Tokyo court orders journalist pay damages to reporter Shiori Ito over alleged rape suit

Japanese journalist Shiori Ito sheds a tear after hearing the ruling on a damages lawsuit by her, accusing a former TV reporter of rape in Tokyo on Dec 18, 2019 PHOTO: AFP

TOKYO (REUTERS) - A Japanese court on Wednesday (Dec 18) ordered prominent reporter Noriyuki Yamaguchi to pay 3.3 million yen (S$41,000) in damages to journalist Shiori Ito in a civil lawsuit related to her allegations he had raped her.

Ito, 30, had sought 11 million yen in damages for her suffering after prosecutors declined to indict Yamaguchi following her complaint to police that he had raped her while she was unconscious.

Yamaguchi, who has repeatedly denied the allegations, had filed a counter-suit seeking 130 million yen in damages from Ito. The court on Wednesday ruled against his suit.

Ito made waves in 2017 when she took the rare step of going public with allegations that Yamaguchi, a senior television reporter known for his reporting on Prime Minister Shinzo Abe, had raped her in 2015 after she met him for drinks to discuss an offer to help her find a job.

Ito fought back tears as she spoke through a megaphone to reporters and supporters after the verdict outside the court, saying she felt "full of gratitude." "I'm so happy," she said, her voice breaking at times with emotion.

Ito wrote in her book about the incident, "Black Box," that she was forced to re-enact the alleged rape with a life-sized doll while male police watched. She did not identify the policemen. Reuters could not confirm this incident or the rest of the account she provided in the book. A spokesman for the Tokyo Metropolitan Police said the department could not immediately comment.

Ito has said she was also trolled on social media by critics.

The events formed the subject of a BBC documentary, "Japan's Secret Shame".

Ito wrote in her book that police had obtained an arrest warrant against Yamaguchi but it was not implemented.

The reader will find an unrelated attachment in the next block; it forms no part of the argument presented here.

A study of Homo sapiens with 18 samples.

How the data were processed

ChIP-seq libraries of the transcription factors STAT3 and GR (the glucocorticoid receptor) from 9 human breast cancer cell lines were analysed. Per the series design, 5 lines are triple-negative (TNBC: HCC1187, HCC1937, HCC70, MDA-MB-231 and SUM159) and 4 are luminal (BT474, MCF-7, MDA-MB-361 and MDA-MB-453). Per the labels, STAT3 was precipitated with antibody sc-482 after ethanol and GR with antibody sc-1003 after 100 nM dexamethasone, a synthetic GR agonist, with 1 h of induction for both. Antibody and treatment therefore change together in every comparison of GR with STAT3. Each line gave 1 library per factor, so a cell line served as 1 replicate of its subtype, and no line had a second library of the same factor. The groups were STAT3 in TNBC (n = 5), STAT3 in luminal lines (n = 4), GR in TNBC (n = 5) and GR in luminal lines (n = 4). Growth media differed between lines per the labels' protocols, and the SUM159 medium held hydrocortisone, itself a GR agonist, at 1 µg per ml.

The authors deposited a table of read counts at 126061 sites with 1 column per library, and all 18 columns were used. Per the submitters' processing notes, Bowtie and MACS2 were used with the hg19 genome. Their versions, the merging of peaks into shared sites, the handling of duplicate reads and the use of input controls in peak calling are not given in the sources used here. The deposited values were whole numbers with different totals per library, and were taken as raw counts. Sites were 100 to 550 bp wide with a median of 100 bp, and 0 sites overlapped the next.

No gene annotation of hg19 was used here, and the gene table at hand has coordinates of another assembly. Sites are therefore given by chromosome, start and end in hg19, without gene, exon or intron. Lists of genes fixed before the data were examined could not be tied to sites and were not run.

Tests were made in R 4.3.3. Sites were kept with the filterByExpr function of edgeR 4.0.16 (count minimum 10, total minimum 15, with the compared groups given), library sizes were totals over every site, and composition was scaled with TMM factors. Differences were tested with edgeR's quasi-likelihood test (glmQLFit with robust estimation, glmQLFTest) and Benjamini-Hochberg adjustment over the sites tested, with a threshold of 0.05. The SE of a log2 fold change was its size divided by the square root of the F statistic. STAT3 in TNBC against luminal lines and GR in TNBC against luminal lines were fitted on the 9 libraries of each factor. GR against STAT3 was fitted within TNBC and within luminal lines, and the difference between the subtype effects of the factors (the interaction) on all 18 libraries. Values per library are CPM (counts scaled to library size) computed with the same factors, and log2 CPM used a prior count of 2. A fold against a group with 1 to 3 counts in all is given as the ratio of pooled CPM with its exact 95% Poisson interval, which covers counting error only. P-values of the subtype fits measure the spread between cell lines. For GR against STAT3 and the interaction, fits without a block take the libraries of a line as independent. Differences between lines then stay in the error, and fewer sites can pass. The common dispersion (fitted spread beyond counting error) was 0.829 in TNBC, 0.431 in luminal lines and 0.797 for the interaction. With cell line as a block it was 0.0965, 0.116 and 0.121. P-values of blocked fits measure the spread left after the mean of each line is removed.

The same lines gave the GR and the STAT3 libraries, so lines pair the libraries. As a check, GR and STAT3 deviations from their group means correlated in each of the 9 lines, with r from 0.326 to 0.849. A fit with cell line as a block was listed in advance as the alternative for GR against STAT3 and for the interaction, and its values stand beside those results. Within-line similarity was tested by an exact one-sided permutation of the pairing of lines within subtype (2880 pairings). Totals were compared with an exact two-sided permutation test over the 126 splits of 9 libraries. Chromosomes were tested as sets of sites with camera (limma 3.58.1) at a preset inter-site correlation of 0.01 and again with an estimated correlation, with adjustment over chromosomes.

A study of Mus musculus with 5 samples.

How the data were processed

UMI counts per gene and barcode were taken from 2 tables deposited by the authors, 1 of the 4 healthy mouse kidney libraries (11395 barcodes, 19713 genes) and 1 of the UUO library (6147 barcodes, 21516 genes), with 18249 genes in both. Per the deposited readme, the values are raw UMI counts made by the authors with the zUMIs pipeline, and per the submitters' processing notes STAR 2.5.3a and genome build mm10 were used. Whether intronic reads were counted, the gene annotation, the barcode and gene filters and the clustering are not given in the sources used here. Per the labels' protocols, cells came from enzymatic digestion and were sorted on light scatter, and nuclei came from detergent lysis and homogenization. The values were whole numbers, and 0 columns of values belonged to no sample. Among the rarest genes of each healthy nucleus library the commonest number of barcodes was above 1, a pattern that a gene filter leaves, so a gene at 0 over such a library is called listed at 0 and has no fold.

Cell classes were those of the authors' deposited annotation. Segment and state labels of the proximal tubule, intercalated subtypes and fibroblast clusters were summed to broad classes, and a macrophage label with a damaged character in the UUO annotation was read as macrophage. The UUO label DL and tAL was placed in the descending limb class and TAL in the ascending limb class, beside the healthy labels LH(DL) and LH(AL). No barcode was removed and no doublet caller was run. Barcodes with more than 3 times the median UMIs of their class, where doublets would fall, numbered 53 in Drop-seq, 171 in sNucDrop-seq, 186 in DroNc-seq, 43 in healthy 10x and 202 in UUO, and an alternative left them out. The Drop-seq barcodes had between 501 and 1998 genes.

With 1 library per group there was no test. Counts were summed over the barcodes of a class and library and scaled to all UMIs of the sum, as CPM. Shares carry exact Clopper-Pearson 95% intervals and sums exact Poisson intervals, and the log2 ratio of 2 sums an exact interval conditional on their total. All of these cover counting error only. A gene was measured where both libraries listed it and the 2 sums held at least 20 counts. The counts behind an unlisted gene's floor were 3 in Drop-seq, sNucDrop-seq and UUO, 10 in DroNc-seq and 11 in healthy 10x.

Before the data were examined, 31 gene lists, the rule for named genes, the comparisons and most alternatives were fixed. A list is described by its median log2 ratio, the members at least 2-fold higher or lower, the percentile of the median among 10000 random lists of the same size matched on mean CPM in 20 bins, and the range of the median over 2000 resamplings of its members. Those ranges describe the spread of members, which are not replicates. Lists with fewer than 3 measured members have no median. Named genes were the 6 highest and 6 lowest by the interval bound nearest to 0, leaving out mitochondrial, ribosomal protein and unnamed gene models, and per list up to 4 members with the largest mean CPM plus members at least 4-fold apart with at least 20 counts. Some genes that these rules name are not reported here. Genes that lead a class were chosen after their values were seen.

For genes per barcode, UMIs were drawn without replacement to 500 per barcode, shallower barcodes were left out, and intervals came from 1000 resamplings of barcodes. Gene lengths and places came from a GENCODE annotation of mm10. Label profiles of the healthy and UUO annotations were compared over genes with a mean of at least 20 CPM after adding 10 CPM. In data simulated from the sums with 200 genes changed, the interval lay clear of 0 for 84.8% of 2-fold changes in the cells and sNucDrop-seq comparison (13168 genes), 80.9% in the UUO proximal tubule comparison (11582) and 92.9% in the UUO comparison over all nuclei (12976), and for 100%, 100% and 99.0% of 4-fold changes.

She also wrote that the arrest was called off at the last minute by a senior police official, whom she did not identify.

Ito suggested in the book that she might have been given a "date rape" drug but that she had no way to know. Yamaguchi wrote in a magazine article in 2017 that he had "neither seen nor heard of the date rape drugs" Ito mentioned and that she had been "overconfident about the amount of alcohol and drank too much". Ito was an intern at Reuters during the time she said the rape occurred. She left Reuters in June 2015.

Prosecutors later decided not to bring charges. They do not give reasons for such decisions.

A civil judicial panel later rejected Ito's appeal to force a prosecution, saying it had found no grounds to overturn the prosecutors' decision. At the time, opposition lawmakers questioned whether Yamaguchi had received special treatment because of his close ties to Abe.

Chief Cabinet Secretary Yoshihide Suga has denied there were any irregularities regarding the case.

The head of the National Public Safety Commission, which oversees the police, also denied in parliament that there were any problems with the investigation, media reported at the time.

Legislators revised Japan's century-old rape law in 2017 to include harsher penalties, including raising the minimum punishment for rapists to five years in prison from three.
The reforms, however, left intact controversial requirements that prosecutors must prove violence or intimidation was involved or that the victim was "incapable of resistance," prompting calls from academics, activists and psychiatrists for further changes to the law.